You Asked: Hard Time Catching Breath Between Intervals

Dear Fit,
I'm trying to get rid of belly fat and I've read that the best way to do that is by doing intervals. I've been jogging slowly for two minutes, and then I sprint for a minute, but by the next time the next sprinting interval comes around, I'm still huffing and puffing. Sometimes, I even have to stop running altogether. How can I recover faster between intervals?
—Catching My Breath

Interval training is a great way to get rid of overall body fat, especially the tire around your belly. But it's not going to work very well if you can't keep up. I have some suggestions, so

.

Sounds to me like you're doing too much too soon and overdoing it with your sprint intervals. Intervals are tough, and you need to give your body time to adjust to the new challenges you're placing on it. Make sure you have a solid cardio/running base before doing interval work. Keep in mind that when doing your sprint intervals, you should be moving at a moderate pace, but it shouldn't be so vigorous that you feel like you need to stop running. So change how you're doing your fast intervals by either slowing down the pace of your sprints or by sprinting for less time, like 30 seconds instead of one minute. You may also need more time to recover, so lengthen your slower-paced recovery intervals to three minutes instead of two.

Once you've built up your endurance and your body can recover quickly with this routine, gradually increase the intensity by either running your sprint intervals at a faster pace, lengthening the time of each sprint interval, or shortening your recovery intervals. And remember, not all your runs should be interval workouts. It may take some time to work out a way of interval training that best suits you. Be patient and remember the number one rule to follow: never begin the next sprint interval until you've stopped huffing and puffing, and feel strong enough to increase the intensity. Good luck!

While training for the military with a friend of mine; one of the most important things becomes endurance. And for someone who had been very active and fit in every other way but running this proved really challenging. Like you, I was running out of breath wayyyy too fast; my lungs felt like they wanted to collapse. And I had to slow my pace; reset my goals and learn to breathe properly. i think the breath is one of the most important factors in achieving endurance.. Once you train your breath and get oxygen to those most needed places; your muscles will have you picking up speed in no time. So definitely follow the Fit advice about reducing your sprint time/speed and increasing recovery time. Always remember to inhale deeply through your nose and exhale through your mouth so that you are letting out twice the amount of carbon dioxide and inhaling more oxygen. This has helped me significantly... Best of luck reaching your goals!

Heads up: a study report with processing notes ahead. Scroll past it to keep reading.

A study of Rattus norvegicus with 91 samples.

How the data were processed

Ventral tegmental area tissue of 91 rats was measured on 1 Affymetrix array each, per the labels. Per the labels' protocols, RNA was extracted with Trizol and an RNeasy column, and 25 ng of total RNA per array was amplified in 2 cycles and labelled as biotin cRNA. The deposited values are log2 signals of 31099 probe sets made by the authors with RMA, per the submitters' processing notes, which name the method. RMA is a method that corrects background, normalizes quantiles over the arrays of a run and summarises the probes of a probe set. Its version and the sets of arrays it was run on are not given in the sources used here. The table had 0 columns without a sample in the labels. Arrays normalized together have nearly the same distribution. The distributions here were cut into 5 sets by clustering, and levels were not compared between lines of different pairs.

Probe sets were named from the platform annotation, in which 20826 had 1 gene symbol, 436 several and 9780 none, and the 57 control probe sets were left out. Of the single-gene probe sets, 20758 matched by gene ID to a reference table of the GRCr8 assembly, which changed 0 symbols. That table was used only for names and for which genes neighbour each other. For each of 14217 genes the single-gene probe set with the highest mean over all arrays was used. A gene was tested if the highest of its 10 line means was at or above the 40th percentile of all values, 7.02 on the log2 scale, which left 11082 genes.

MindBodySoul MindBodySoul 5 years
While training for the military with a friend of mine; one of the most important things becomes endurance. And for someone who had been very active and fit in every other way but running this proved really challenging. Like you, I was running out of breath wayyyy too fast; my lungs felt like they wanted to collapse. And I had to slow my pace; reset my goals and learn to breathe properly. i think the breath is one of the most important factors in achieving endurance.. Once you train your breath and get oxygen to those most needed places; your muscles will have you picking up speed in no time. So definitely follow the Fit advice about reducing your sprint time/speed and increasing recovery time. Always remember to inhale deeply through your nose and exhale through your mouth so that you are letting out twice the amount of carbon dioxide and inhaling more oxygen. This has helped me significantly... Best of luck reaching your goals!
Soniabonya Soniabonya 5 years
I use Fit's pdf printout for working out on the treadmill and I switch up the speeds on the interval training when I need to. 6.5 is hard for me, especially after months after not running, so I adjusted my speed to a 5.5 and built up from there. I won't be starting at 6.5 anytime soon, but at least I know I can end with it.
inlove23 inlove23 5 years
I agree that you are doing too much too soon. I am a new runner myself (after being lazy for two years since I stopped doing high school sports) and I wanted to lose the extra weight around my stomach. I set a goal, and my goal was to run to a certain location and back without stopping. It was only a little bit longer than half of a mile, but I made it and everyday I have been running a little farther. Three days ago I made it to a mile without stopping, and now I'm doing that distance until I feel confident in it. Once you met your goal it makes you want to run again because you are proud. Also you could get a running injury due to doing too much at once, or it could burn you out which would make you want to stop running. Currently, I am going onto my second week, and I can already see a noticeable difference in my waist. I had already been committed to working out so my legs were pretty strong to begin (too many lunges and squats haha) with and the extra cardio is defiantly helping. Also try livestrong.com because you can see how much you eat, and this is helping me realize just how much I'm eating. I hope this helps and good luck!